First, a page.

Jonas M. Grant is a Los Angeles County wills, trusts, and estate planning attorney and member of WealthCounsel, the nation's premiere collaborative organization for estate planning attorneys.
Avoid or minimize court-supervised probate proceedings, save on estate taxes, define and preserve your legacy and values, determine your health care wishes, protect your assets from predators, and take end-of-life burdens and decisions off the shoulders of loved ones. While a will and a revocable living trust are the building blocks of most estate plans, one or both of these does not comprise a complete estate plan. And each of these documents can and should be tailored to your specific needs and wishes.
"Failing to plan is planning to fail." - Alan Lakein
Contrary to what you might have heard, there is no one will, trust, or other estate planning document that is the one solution for everyone. Most complete estate plans include a pour-over will, one or more living or irrevocable trusts, advance health care directives, and a durable powers of attorney. Thus, it is difficult to quote fees in advance (and it is difficult for you to compare fees from firm to firm, without knowing the full scope of what you need, and what each firm will offer you). Fees range from a low of $750 for a single person and $1,000 for married couples for a standalone will, and $2,500 and up for a complete "middle class" trust-based estate plan (add $500+ for couples), to mid-four figures or more for a more complex estate plan where estate tax, business transfer, special needs, substantial charitable gifts, second marriage with children of a previous marriage, or other issues come into play. We urge you to compare value rather than fees and realize that "a will" or "a trust" is properly only one part of an overall estate plan; it's not a form that is just printed off a computer, the same for everyone. For potential estate planning clients, we also offer a one-hour, no-obligation in-office or telephone free consultation.
"You and your spouse have an estate plan whether you think you do or not. If you haven't put something in place yourself, then the California legislature has already chosen a one-size-fits-all plan for you, and most likely, this isn't the plan you would have selected for you and your family." - Estate planning attorney Jonas M. Grant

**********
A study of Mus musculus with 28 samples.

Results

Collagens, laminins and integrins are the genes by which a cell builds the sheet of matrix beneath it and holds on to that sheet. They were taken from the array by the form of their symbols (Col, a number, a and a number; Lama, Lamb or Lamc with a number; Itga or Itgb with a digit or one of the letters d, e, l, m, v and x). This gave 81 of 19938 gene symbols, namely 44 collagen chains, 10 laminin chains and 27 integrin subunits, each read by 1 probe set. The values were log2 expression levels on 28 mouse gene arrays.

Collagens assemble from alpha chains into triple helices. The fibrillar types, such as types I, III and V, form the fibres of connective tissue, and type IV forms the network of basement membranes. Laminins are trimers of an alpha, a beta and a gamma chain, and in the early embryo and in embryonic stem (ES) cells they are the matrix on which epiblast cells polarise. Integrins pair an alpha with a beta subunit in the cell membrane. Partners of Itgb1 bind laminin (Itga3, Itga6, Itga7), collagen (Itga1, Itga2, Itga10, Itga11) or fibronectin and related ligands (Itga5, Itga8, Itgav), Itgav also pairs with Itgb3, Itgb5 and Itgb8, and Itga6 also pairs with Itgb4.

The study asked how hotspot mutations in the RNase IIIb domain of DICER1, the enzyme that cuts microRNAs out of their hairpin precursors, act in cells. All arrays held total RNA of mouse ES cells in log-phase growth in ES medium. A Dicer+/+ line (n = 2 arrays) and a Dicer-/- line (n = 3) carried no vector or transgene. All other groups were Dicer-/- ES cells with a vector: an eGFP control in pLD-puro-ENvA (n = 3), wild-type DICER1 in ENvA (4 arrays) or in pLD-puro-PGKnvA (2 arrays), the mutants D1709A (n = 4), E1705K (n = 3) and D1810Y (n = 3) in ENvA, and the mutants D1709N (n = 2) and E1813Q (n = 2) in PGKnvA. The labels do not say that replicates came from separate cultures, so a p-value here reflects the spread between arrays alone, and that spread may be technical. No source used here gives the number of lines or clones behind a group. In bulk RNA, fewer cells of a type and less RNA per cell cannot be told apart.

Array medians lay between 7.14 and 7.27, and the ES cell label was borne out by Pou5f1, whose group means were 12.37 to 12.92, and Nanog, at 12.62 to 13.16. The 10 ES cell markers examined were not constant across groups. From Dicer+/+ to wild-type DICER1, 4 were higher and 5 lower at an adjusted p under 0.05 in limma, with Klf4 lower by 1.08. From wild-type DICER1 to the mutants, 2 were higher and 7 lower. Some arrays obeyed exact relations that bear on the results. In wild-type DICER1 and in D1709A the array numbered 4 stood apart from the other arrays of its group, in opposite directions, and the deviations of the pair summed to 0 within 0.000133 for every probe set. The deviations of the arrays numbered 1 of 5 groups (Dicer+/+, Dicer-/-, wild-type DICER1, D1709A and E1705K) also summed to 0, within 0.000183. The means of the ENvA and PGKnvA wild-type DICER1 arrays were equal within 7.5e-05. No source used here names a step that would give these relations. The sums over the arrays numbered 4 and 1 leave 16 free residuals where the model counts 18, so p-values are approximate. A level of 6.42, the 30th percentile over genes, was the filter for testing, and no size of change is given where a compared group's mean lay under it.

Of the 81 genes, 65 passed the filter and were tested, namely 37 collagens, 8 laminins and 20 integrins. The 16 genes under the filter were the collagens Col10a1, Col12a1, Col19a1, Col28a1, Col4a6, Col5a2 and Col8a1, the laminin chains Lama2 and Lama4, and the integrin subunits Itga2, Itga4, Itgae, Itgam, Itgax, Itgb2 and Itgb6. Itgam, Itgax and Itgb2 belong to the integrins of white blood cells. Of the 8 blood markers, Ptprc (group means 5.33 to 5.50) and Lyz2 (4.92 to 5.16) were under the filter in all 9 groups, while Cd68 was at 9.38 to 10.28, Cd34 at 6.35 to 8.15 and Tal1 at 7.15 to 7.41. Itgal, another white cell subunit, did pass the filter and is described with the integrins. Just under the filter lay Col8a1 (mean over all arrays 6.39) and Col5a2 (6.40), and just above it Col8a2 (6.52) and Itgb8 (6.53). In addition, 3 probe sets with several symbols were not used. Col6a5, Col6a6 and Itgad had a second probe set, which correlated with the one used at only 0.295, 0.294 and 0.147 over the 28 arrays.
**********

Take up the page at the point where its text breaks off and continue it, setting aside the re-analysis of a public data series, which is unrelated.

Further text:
Another common misconception is that estate planning is a one-off transaction; in fact, it should be an ongoing process, with your estate plan changes as you, your loved ones, and assets change throughout your life. If it's been years since you've reviewed your estate plan, it may be out of date, due to changes in the law or in your assets and family. Among the triggers that should cause you to have your estate plan reviewed and updated are marriage, divorce, the birth or adoption of a child, gradual or sudden changes in the value of assets, and changes in family relationship or in the physical and mental well-being of family members.
With the recent tax law changes providing a greater exemption from the estate tax (A/K/A death tax), such that the estate tax will impact fewer estates, many clients are wondering if there is any need for estate planning at all. The short answer is yes, there are still many reasons to engage in estate planning, including management of assets during period of incapacity (wills only "speak" upon death and do nothing during periods of mental or physical incapacity, which are statistically much more likely than passing in any given year), planning for the likely eventual expiration of the increased estate tax exemption amounts, and avoiding California's slow and expensive probate system, to which the federal law changes have no impact. Those will older trusts should also consider having them updated or replaced.
For more information on California estate planning, wills, living trusts, advance health care directives (living wills), and powers of attorney, please do not hesitate to contact us.